BRIDGET JONES’S BABY
After a very long wait, everyone’s favourite kooky heroine Bridget finally returns to our screens with a new look, a successful career and is seemingly in charge of her life at last.
What could possibly go wrong ?
Directed by Sharon Maguire who also directed the original movie in the series, and starring Renee Zellweger, Colin Firth and Patrick Dempsy.
Twelve years on and Bridget’s looking good.
No more big pants, a proper career and she’s no longer entangled in a messy menage with Mark Darcy and Daniel Cleaver. Could she possibly have grown up at long last ?
Well, maybe .. but she’s still tempted to regain her youth by going to festivals in white jeans and claiming to understand Instagram to impress her younger, hipster colleagues.
But you’ve seen all that in the trailer …
You’ve also seen the rather awkward return of Mr Darcy and the new love interest in the shape of Jack, a dashing American.
Looking back, the story of bringing this picture to our screens would probably make a decent movie in itself what with the many rewrites, the speculation about Zellweger’s state of mind, the refusal of Hugh Grant to appear in it, the constantly rotating team of writers and – finally – the addition of latecomer Patrick Dempsy to the cast (actually a year ago, but it feels last minute).
What finally brought it all together was the decision to reappoint Maguire as the director and Emma Thompson as co-writer on the screenplay. As ever, she’s an imperious presence on screen, playing a cynical, worldly-wise doctor who’s been there, done that and delivered the baby, and of course she gives herself many of the best lines and steals most of the scenes she’s in.
The script itself has a real zip and zing to it and there’s plenty of laugh out loud moments either born out of pure slapstick or cringing embarrassment. This is a movie that lampoons men and women equally and lifts it from the usual “war of the sexes” rom-com territory.
It’s not just Mars versus Venus : it’s far more universal in its open ridicule of relationships in general, of society as a whole and indeed of the entire human race.
There’s lots of wry social observation throughout and you’ll find yourself thinking about times in your own life when you’ve been at a wedding or christening and bumped into someone you wished you hadn’t.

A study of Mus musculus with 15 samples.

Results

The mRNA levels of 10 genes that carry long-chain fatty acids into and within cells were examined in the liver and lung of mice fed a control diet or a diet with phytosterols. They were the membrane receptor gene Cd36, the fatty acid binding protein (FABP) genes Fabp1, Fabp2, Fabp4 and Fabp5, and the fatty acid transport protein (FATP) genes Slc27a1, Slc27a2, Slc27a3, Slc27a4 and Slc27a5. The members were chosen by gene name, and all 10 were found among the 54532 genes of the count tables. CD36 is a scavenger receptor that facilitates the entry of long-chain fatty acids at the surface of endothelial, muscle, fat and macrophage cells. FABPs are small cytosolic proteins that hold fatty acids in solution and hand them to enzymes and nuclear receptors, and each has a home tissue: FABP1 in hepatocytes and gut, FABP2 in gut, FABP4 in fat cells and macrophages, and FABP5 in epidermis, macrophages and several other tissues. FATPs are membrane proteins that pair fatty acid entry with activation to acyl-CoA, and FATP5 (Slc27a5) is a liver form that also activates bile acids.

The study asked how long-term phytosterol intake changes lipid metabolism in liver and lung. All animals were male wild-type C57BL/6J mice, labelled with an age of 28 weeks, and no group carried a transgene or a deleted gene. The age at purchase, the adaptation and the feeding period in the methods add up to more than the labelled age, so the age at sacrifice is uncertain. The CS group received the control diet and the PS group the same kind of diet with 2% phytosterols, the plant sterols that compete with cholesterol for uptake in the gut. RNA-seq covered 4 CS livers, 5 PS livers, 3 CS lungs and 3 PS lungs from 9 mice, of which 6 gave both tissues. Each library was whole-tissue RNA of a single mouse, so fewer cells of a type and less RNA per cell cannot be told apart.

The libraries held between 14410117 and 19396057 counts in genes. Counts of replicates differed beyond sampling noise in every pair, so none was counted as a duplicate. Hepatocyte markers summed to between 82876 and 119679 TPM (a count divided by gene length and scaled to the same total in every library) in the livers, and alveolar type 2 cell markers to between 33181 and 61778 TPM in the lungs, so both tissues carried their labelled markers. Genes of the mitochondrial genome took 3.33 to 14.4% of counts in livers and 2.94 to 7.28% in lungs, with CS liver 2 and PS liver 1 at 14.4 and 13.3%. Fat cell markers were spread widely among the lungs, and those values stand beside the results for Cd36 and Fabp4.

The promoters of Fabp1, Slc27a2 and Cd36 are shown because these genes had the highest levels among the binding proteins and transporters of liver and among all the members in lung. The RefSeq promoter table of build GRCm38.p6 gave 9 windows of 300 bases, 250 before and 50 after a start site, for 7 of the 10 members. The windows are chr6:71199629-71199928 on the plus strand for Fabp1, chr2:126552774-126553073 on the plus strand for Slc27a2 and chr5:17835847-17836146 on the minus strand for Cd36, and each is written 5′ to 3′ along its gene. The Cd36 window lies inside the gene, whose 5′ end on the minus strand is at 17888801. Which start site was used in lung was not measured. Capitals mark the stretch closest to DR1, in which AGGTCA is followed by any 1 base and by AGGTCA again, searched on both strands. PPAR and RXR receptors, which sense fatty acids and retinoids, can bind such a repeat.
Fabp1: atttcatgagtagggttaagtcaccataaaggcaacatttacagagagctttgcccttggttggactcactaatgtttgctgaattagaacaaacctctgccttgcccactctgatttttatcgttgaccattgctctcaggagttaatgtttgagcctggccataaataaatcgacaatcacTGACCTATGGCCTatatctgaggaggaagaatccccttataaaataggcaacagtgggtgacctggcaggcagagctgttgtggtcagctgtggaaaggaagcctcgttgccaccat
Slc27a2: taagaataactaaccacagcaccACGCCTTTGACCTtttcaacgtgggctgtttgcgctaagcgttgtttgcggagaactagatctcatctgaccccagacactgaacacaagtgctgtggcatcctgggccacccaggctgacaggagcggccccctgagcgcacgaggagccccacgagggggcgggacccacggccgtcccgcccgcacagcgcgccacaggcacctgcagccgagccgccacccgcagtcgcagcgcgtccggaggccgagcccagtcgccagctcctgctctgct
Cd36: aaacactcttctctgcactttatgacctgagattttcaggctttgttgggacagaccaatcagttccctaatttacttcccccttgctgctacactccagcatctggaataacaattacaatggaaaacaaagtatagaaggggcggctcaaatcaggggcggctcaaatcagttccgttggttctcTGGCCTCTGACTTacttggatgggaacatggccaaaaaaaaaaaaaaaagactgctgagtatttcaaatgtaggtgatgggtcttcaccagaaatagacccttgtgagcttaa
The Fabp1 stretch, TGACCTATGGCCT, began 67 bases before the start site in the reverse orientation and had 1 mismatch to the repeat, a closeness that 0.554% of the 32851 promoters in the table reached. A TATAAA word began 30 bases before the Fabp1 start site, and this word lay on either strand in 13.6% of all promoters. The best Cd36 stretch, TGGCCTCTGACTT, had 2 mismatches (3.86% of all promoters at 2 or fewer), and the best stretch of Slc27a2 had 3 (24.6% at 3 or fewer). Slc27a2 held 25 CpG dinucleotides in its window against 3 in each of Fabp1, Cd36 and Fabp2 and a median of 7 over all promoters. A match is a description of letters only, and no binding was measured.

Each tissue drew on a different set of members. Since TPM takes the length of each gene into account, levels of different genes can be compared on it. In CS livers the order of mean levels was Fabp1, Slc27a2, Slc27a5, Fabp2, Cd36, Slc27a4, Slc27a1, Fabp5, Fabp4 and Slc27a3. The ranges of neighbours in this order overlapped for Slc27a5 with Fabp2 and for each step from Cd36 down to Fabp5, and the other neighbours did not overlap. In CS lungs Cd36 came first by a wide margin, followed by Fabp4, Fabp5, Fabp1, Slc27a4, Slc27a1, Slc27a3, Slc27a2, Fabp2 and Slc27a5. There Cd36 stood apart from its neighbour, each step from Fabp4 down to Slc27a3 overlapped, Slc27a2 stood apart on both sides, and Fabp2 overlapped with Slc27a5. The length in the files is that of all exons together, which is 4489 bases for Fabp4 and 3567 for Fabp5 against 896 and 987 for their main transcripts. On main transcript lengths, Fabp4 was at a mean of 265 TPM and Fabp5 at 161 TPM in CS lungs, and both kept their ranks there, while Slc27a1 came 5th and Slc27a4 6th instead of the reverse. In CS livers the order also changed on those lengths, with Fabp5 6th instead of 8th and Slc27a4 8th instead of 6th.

The familiar keep calmness of it all is terribly British and part of the fun and carries on a fine tradition stretching back through Love, Actually and Four Weddings.
… which brings us back to that man Grant again.
There is a Hugh-sized hole in the film. His non-appearance is dealt with in the very first scene and it takes a while to shake the old scoundrel out of the system and for the movie to breathe in its own right, especially after the uptight Mr Darcy reappears, replete with his beautiful wife. Rest assured, moments later you’re squirming in your seat again as Bridget manages to put another foot in her mouth and before you know it you’ve forgotten all about dastardly Daniel altogether.
Some of the best gags are career-based, centred around the TV show Ms Jones works on. There’s a rich seam of comedy gold to be mined behind the scenes of the news programme she writes for, with a welcome cameo from Drop The Dead Donkey‘s Neil Pearson, who also attempts to be down with the kids when he grows a huge beard and starts drinking flat white. With the studio going through a shake-up, their jobs are on the line so when our heroine finds out she’s pregnant and she’s not sure who the father is, the stakes are suddenly that bit higher.
The second half of the movie homes in on the whole issue of whether it’s the stiffly repressed Mark or the relentlessly positive Jack that will prove to be the father of Jones Jr.
The dad-o-meter swings back and forth as the writers pitch first one then the other as the good guy and you find yourself wavering between the two as you decide who to root for.
The obvious answer is Bridget, especially given her track record with men, but that’s beside the point : we need closure !
.. and it takes a while coming, believe me.
The twisty, turny, somewhat torturous route to fatherhood is a long and winding road, but worth the trip .. not that you’ll get any pointers from me. You’ll have to find out for yourselves by watching the movie.
Bridget Jones’s Baby is a real return to form for the series after the somewhat disappointing Edge Of Reason. Zellweger is back to her awkward but lovable best. Firth is stiltedly restrained and utterly flawless. Dempsy plays his part well and nails the upbeat American cliché beautifully. The rest of the cast are as brilliant as ever.
All in all it’s a cracking mid-life crisis everyone can enjoy.